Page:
Infant Mandibular Distraction for Upper Airway Obstruction: A Clinical Audit
AuthorAdhikari, AN; Heggie, AAC; Shand, JM; Bordbar, P; Pellicano, A; Kilpatrick, N
Source TitlePlastic and Reconstructive Surgery Global Open
PublisherLIPPINCOTT WILLIAMS & WILKINS
Document TypeJournal Article
CitationsAdhikari, A. N., Heggie, A. A. C., Shand, J. M., Bordbar, P., Pellicano, A. & Kilpatrick, N. (2016). Infant Mandibular Distraction for Upper Airway Obstruction: A Clinical Audit. PLASTIC AND RECONSTRUCTIVE SURGERY-GLOBAL OPEN, 4 (7), https://doi.org/10.1097/GOX.0000000000000822.
Access StatusOpen Access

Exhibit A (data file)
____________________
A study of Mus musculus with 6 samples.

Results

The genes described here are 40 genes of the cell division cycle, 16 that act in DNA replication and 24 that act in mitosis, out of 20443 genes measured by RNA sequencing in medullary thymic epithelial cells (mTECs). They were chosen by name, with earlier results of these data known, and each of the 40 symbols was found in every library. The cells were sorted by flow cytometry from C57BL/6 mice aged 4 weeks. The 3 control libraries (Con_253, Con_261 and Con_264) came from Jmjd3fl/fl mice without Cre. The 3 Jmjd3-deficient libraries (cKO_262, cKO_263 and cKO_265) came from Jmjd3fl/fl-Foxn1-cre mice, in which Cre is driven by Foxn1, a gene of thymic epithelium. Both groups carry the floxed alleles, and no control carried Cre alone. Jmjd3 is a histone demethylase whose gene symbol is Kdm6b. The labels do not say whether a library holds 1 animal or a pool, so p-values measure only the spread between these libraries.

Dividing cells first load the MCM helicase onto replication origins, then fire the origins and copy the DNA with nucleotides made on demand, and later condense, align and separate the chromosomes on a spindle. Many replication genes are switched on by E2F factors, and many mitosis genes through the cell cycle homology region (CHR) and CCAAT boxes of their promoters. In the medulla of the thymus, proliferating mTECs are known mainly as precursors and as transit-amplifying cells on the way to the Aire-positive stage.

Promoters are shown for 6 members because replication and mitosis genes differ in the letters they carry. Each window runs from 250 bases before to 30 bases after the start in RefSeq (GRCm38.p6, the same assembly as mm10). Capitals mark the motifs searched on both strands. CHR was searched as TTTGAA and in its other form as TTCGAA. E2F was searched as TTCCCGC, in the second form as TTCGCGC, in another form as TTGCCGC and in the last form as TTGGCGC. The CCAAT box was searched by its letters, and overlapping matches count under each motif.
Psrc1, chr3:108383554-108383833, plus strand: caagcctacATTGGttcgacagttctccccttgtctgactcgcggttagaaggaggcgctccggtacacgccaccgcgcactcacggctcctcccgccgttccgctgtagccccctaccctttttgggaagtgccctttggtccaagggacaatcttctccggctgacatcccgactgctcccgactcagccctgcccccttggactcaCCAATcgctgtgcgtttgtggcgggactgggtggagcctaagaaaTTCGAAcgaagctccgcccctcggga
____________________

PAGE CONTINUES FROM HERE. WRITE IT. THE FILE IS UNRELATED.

BACKGROUND: Mandibular distraction osteogenesis (MDO) is an effective method of treating upper airway obstruction (UAO) in micrognathic infants. The short-term outcomes include relief of UAO, avoidance of tracheostomy, and prompt discharge from hospital. However, it is a significant surgical procedure with potential associated morbidities. This study describes a cohort of infants managed using MDO over a twelve-year period. METHODS: A retrospective chart review was undertaken for children who had MDO before the age of 5 years between 2000 and 2012. This was followed by a clinical review of the same cohort specifically looking for dental anomalies, nerve injuries, and scar cosmesis. RESULTS: Seventy-three children underwent MDO at a mean age of 2 months [interquartile range (IQR), 1.7-4.2] for nonsyndromic infants and 3.3 months (IQR, 2.1-7.4) for those with syndromes. Infants were discharged from hospital, on average, 15 days after procedure. After MDO, of the 9 who were previously tracheostomy dependent, 5 (56%) were decannulated within 12 months and none of the nontracheostomy-dependent children required further airway assistance. The majority of children required supplemental feeding preoperatively but, 12 months postoperatively, 97% of the nonsyndromic infants fed orally. Thirty-nine children (53%) were reviewed clinically [median age, 5.1 y (IQR, 3.9-6.5)] with 18 being syndromic. Many of the mandibular first permanent and second primary molars had developmental defects, but there was a low rate of neurosensory deficit and good scar cosmesis. CONCLUSIONS: This study contributes further to the evidence base underpinning the management of micrognathic infants with UAO.